Lena Sandvik in Boston says "I'm amazed that my 15 and 11 year olds have grown up to be completely bilingual. My own accent and those silly, grammatical errors I make in English still haven't disappeared, even after 15 years in the country." As easy as acquiring multiple languages is for small children, the single most important factor in language learning is the quantity of spoken language addressed to the child. So, if you worry that you aren't providing enough, here are a few tricks to boost your superhero's inherent powers.
Other kids: Join (or start) a playgroup for the second language. Children of all ages will learn from each other; there simply are no better language teachers than other kids. An added bonus will be that you will connect with other parents of bilingual children.
Books: Of course you know how vital those precious one-on-one moments are, but remember that they can be infused with language learning also. Books are the most effective tool for teaching language, and so I advise all parents: "Start reading at birth and never stop!" A good way to add to reading time (and make it really personal) is to create a dialogue, encouraging your child's comments, responses, and elaborations. Talk about what the characters are like and what they might be doing next.
The right stuff: From books, add video, television and games. There are a multitude of aides towards fluency. In particular, games that use rhyming will make the most of language memory, but "I Spy", "Bingo" and "Memory" with picture cards will also playfully build vocabulary.
Sing and dance: Children absolutely love music, but don't rely solely on recorded music; your own singing, even if it is off-key, will still serve to unite melody and words for your child more surely than any professional recording ever could. Melody is also a fantastic memory aid. Think about how much easier children learn their ABCs when they sing them, compared to just reciting them. And, the combination of music with movement and gestures will enliven it all -- as well as provide a nice outlet for squirmy toddlers.
Tap into their interests: Whatever your child's enthusiasms may be -- whether a love of soccer, dance, or horses -- make an effort to 'involve' these passions in the minority language. "My 3-year old son is a really big "Bob de Bouwer" (Bob the Builder) fan," says Martijn Fredriks in Cairo, Egypt. "So now we always watch it in Dutch, and he's even started speaking in Dutch when he plays with the Bob the Builder toys."
Be creative: The trick is to give the child lots to talk about, so draw out that conversation! Encourage them to make up their own stories, play dress-up and pretend in the second language. Even painting, working with sidewalk chalk, or molding clay usually creates more vocabulary than art! Older children may enjoy calling friends or family overseas, especially with a webcam (one such free phone and video service is Skype.com).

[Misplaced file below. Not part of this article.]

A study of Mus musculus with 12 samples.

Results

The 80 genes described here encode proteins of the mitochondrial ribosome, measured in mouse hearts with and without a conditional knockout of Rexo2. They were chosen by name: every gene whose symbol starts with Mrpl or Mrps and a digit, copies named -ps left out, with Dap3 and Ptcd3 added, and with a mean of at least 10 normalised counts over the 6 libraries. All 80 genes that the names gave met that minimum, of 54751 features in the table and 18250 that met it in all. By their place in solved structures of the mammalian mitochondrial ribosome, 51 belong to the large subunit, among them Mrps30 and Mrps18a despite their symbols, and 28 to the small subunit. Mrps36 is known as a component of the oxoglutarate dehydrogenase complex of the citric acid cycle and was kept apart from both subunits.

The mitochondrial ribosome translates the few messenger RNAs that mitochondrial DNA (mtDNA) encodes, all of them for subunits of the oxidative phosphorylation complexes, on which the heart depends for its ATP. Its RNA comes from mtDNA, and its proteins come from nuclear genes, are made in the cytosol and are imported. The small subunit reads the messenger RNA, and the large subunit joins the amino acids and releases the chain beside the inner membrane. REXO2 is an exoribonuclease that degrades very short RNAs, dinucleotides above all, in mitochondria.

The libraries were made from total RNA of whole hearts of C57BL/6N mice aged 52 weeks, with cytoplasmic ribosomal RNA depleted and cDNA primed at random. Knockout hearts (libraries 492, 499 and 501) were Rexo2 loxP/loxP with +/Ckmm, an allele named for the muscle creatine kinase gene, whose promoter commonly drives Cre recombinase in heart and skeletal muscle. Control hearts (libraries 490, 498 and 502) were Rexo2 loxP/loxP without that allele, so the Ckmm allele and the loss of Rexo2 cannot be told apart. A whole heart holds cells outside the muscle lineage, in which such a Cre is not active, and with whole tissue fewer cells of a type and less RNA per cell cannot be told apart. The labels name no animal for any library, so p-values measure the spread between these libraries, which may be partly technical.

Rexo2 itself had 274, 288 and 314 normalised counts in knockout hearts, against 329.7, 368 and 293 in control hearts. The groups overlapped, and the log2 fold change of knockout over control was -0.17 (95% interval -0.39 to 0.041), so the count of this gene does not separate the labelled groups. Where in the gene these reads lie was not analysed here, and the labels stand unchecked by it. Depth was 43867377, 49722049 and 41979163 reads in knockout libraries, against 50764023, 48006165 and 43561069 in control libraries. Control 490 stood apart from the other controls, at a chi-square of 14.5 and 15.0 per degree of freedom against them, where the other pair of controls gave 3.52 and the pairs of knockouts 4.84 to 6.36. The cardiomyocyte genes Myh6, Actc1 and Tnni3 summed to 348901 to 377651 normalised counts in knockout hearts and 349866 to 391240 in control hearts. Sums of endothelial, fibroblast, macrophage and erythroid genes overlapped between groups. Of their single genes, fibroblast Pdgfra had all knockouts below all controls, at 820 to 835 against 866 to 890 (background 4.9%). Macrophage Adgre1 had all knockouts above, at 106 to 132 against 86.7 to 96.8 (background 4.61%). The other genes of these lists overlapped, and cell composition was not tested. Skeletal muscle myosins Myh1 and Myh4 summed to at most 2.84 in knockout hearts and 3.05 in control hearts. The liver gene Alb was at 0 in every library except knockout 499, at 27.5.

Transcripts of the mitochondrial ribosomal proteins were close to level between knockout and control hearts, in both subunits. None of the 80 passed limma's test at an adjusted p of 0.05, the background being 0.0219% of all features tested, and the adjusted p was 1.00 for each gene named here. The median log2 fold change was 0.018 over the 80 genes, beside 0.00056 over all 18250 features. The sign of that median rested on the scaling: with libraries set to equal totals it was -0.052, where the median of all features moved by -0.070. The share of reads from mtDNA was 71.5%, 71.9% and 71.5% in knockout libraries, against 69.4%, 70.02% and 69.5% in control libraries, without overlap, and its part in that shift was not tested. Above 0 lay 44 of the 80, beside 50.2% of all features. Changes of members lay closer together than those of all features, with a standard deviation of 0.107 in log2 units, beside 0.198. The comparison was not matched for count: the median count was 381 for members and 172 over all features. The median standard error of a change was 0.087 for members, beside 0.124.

Outside the box: Isabella Vellaccio, a mother in Washington DC, who reached beyond the obvious says, "I wanted my son to hear Italian from someone else than just me, and the playgroups were all during my working hours." Isabella decided to attend the church coffee after the Italian mass on Sundays. "The older Italian parishioners were thrilled to see him learn Italian." Needless to say, with that much attention, and Italian cookies, he loved it.
Baby sitter: Find a college student who speaks the language. Some parents even rent a room to a native speaking student to get more consistent language exposure. Otherwise, try a nanny or an au-pair.
Visits: The ultimate language boost is to visit the country where it is spoken. Total immersion for a couple of weeks has an amazing effect. And visits from friends or family also provide a valuable boost.
Enthusiasm: While the quantity of spoken language is the most important factor in learning a language, the second most vital ingredient is the amount of positive feedback the child hears. Early on, when a child is struggling to get those first syllables out, resist the urge to correct...it can actually inhibit language skills.
There is a myriad of ways to ensure that foreign language time is 'quality time,' but like any other aspect of parenting: trust your judgment, employ your imagination, and listen very, very well.